Environment and Resources
Environment and Resources (ER), formerly Land Resources, is an interdisciplinary program for graduate students who need the flexibility to customize a course of study appropriate to the environmental problem that interests them.
Students can earn a master of science (M.S.) degree in Environment and Resources or a doctor of philosophy (Ph.D.) in Environmental Studies with a major in Environment and Resources. A thesis (for M. S. students) or a dissertation (for the Ph. D.) is required of all students.
The curriculum provides opportunities for interdisciplinary graduate education and research that cannot be found in more traditional academic departments. Each student designs a study plan with the help of faculty advisors in a process that encourages self-direction and individual creativity. It is possible, for example, to combine courses in basic science and engineering with courses in social sciences, humanities, and law.
Environment and Resources prepares students to become professionals with a solid knowledge of the environment equipped to contribute creative solutions to environmental problems. Alumni of the program have followed many career paths.
Students may pursue interests in a wide variety of areas, such as:
- Air resources, atmospheric systems, and climatology
- Animal and plant ecology and wildlife resources
- Conservation biology (but see also our Environmental Conservation Professional Master's Program)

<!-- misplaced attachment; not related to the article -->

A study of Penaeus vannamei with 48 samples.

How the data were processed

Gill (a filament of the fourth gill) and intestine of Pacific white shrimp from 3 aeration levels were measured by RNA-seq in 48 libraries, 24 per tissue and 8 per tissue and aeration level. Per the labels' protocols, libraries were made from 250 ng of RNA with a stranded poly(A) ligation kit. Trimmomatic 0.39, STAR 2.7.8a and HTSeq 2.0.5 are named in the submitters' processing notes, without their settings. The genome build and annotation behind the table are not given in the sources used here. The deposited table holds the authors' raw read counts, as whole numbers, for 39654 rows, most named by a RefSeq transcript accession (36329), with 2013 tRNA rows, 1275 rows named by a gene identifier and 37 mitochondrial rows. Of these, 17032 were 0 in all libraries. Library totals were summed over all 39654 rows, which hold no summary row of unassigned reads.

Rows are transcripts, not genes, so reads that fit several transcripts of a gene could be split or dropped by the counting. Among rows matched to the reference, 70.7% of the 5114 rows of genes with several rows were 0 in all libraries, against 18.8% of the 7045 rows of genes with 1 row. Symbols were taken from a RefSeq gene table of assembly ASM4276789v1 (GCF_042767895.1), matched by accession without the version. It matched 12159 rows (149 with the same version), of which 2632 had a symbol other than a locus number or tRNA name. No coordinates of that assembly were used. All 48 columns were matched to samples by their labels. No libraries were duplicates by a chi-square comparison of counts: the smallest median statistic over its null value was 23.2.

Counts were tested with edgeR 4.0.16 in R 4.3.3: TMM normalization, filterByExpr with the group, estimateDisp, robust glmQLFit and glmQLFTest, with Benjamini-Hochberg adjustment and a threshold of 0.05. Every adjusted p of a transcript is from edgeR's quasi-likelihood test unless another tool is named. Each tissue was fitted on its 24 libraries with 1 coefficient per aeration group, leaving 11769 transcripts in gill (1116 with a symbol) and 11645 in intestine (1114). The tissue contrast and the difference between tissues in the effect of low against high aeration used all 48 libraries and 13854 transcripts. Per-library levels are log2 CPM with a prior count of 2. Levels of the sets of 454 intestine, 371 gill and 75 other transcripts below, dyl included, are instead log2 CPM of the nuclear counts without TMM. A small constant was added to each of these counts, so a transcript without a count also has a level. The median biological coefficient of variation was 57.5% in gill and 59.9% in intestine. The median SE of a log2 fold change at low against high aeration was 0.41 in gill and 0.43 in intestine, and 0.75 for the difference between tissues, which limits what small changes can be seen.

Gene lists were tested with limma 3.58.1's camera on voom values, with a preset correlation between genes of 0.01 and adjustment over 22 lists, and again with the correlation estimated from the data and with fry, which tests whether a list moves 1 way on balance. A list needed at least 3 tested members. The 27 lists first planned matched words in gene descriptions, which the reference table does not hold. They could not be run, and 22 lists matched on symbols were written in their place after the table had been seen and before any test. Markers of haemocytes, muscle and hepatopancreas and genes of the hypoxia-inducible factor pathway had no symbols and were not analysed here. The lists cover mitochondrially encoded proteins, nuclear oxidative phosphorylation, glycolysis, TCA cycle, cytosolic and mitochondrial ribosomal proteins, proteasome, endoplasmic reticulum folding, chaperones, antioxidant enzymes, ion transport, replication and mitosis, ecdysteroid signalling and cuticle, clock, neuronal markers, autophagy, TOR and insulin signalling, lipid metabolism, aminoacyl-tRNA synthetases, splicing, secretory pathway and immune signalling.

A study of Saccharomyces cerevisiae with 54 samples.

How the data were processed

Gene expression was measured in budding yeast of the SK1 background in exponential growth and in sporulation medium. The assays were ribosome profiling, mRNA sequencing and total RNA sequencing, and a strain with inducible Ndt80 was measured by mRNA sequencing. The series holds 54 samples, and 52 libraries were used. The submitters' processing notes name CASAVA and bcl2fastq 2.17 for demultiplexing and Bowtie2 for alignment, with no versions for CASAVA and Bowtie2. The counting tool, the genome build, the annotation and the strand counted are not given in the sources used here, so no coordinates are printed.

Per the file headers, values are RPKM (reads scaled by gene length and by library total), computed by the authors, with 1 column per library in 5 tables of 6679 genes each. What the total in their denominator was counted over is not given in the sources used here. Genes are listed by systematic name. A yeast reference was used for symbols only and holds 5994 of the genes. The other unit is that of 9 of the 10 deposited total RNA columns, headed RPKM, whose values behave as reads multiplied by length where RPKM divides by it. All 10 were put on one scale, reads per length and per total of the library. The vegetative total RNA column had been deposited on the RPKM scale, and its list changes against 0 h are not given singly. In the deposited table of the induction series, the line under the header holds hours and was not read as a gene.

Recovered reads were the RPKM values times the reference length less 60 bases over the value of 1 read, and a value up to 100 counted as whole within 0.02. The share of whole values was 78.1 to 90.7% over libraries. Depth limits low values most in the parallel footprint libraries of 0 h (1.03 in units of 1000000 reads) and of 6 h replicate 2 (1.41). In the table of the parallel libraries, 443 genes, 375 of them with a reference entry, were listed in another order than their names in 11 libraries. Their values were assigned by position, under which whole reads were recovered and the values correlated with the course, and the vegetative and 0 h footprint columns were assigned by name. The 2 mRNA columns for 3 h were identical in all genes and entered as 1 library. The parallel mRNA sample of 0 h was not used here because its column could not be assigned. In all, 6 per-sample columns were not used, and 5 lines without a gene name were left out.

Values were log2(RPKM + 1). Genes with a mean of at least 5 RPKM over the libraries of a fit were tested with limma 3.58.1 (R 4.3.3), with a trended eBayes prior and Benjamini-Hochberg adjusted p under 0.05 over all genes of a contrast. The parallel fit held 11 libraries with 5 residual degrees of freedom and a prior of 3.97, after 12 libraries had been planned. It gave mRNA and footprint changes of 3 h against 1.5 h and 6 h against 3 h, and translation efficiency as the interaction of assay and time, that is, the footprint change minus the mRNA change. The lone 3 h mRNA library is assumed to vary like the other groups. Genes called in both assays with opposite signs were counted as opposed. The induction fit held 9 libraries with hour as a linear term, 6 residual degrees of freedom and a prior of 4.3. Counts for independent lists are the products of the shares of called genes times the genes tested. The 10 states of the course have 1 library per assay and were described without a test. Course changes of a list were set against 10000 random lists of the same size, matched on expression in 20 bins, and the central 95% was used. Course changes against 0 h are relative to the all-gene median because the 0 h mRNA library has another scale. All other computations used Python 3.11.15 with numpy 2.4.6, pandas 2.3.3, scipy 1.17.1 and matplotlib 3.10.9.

- Conservation communication and outreach
- Earth system science
- Energy resources
- Environment and health
- Environmental history
- Environmental policy, governance, and justice
- Global environmental systems
- Geospatial analysis
- Restoration ecology
- Water resources and hydrology (but see also our Water Resources Management Program)
Applicants to the Ph.D. program must have a post-baccalaureate degree (i.e., M.S., M.A., J.D., or M.B.A.), or significant comparable experience. Students who apply without post-baccalaureate credentials or equivalent experience must first apply to the M.S. program; such students may apply for admission to the Ph.D. program once they have made sufficient progress.
Time to completion varies with the circumstances of each individual, but full-time students generally take two to three years for an M.S. degree and four to six years for a Ph.D. (For additional details, see table.) Applicants should discuss expected time to completion with their prospective advisors.